Stooping over the computer, the steering wheel of your car or your dining room table can change your upper back posture into a more rounded position. This can pull on the muscles, tendons and ligaments in the neck, shoulders and upper back.
Working with your arms overhead can also place access strain on the shoulder joints. Repetitive motion with or without weight can overwork those same muscles as well.
Even an old injury can rear its ugly head. This week’s exercise series will help relieve your sore neck and shoulders.
If the pain is excruciating or doesn’t start to feel better with some of the below suggestions, by all means speak to your doctor to make sure you are not further inflaming the shoulder by not getting the proper care needed to heal.
My suggestion is to start with some slow range of motion moves like those shown in the video.
This will help to supply the blood and synovial fluid to the area, helping to give it the nutrients and oxygen needed to heal as well as break up any knots or inflammation.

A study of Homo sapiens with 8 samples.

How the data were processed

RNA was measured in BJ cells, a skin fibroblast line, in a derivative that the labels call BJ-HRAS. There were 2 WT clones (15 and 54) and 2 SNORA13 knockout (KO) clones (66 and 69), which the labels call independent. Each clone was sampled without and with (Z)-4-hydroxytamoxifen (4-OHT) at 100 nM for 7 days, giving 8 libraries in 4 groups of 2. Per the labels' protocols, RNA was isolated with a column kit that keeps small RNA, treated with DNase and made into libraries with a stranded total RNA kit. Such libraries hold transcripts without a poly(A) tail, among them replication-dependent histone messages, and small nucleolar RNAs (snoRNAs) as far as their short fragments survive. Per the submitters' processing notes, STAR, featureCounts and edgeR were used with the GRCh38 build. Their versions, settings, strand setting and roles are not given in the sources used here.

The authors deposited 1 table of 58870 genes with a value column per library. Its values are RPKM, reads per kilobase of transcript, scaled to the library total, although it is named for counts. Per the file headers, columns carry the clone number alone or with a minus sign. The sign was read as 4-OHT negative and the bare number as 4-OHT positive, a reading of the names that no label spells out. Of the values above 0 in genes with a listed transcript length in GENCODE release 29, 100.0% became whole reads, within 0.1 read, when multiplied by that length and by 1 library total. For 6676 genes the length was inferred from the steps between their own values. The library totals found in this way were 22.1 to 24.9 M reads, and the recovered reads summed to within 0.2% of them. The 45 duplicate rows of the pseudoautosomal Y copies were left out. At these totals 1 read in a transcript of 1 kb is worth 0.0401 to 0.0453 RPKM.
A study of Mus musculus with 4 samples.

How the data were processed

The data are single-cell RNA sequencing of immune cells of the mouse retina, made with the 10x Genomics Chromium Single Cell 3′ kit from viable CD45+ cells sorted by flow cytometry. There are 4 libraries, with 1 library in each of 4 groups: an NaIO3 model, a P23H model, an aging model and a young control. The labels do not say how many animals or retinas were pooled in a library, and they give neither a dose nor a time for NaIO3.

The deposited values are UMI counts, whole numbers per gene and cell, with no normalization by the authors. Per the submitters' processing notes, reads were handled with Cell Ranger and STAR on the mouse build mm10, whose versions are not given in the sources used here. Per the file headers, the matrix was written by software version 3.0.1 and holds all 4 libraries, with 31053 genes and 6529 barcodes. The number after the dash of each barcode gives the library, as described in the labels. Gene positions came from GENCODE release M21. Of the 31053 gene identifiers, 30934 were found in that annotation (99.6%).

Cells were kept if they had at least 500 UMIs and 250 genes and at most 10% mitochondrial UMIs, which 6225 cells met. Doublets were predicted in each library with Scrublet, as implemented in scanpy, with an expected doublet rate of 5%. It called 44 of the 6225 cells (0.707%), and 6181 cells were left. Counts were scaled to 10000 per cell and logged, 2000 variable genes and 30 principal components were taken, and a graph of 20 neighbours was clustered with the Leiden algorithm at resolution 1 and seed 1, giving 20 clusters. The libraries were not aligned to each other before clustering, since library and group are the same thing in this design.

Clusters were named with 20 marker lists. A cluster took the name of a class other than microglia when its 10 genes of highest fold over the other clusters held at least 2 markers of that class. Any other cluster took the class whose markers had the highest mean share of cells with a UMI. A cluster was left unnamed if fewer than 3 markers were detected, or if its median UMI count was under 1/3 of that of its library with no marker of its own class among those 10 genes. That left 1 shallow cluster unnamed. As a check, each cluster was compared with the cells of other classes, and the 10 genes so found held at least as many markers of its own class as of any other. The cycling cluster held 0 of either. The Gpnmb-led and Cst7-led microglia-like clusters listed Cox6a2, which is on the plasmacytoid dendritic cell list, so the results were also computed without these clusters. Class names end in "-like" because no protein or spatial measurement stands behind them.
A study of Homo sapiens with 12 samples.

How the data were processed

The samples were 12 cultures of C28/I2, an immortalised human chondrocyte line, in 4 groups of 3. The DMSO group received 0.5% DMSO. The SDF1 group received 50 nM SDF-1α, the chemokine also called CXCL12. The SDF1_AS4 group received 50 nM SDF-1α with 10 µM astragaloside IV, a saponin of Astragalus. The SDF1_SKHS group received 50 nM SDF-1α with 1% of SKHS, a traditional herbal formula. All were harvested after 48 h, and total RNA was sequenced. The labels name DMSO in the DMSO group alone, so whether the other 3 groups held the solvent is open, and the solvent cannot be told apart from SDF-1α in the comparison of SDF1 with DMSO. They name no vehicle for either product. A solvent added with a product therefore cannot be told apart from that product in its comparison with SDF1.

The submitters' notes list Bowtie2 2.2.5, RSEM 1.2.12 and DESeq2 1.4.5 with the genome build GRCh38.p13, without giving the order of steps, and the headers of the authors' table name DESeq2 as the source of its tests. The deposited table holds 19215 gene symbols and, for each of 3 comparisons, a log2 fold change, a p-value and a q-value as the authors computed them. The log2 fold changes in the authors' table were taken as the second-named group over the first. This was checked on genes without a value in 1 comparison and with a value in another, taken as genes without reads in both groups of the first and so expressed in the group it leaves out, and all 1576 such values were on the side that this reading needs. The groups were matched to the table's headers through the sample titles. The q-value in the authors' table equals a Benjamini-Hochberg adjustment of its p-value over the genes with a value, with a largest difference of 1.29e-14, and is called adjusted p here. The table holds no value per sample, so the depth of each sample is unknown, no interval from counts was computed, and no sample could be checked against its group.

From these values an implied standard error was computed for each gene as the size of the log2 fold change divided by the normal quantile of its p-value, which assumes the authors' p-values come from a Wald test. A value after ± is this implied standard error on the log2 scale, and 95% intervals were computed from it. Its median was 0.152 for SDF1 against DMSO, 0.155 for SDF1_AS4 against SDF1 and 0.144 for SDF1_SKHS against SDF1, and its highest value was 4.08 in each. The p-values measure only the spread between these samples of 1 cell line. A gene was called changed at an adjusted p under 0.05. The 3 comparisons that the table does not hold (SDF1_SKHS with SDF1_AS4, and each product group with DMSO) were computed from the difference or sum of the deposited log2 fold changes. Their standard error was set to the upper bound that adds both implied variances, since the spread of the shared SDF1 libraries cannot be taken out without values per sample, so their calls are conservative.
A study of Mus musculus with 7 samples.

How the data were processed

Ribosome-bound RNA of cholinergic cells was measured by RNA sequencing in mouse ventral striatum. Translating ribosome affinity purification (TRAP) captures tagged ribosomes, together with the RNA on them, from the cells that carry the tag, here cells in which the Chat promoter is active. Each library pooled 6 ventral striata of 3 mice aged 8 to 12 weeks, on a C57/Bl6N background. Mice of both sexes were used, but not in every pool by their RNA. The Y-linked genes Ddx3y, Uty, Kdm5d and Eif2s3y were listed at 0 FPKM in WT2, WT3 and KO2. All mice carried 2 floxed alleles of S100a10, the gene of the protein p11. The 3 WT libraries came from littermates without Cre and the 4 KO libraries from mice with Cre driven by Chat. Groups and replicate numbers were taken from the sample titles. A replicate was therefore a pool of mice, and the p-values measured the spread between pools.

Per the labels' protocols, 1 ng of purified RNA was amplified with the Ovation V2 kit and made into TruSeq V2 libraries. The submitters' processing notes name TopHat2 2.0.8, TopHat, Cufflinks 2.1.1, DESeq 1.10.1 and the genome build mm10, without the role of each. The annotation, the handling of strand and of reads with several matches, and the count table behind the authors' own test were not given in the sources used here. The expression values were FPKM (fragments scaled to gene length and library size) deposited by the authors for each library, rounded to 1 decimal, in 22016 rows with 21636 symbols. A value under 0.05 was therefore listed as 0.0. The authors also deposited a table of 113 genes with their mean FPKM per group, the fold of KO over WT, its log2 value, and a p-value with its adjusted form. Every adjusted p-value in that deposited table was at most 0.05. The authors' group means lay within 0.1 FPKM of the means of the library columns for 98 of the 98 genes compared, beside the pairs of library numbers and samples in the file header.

If any motion hurts, back away and do a shorter range of motion until the pain decreases. Work at little on the moves morning, afternoon and evening to gain relief.
Also, try wetting a towel, throwing it in the microwave and placing it across your shoulders to relax the muscles.
Likewise, have another towel ready in the freezer ready to use after the heat to bring down the inflammation.
20 minutes warm and 20 minutes cold: this is known as contrast therapy and has proven successful for healing many injuries.
Give the video a try three times a day for a week, and avoid heavy overuse so the shoulders have time to heal.
If it helps, continue on for another week. If you don’t see improvement, a trip to you physician may be wise.
Good luck and here’s to FEELING GOOD!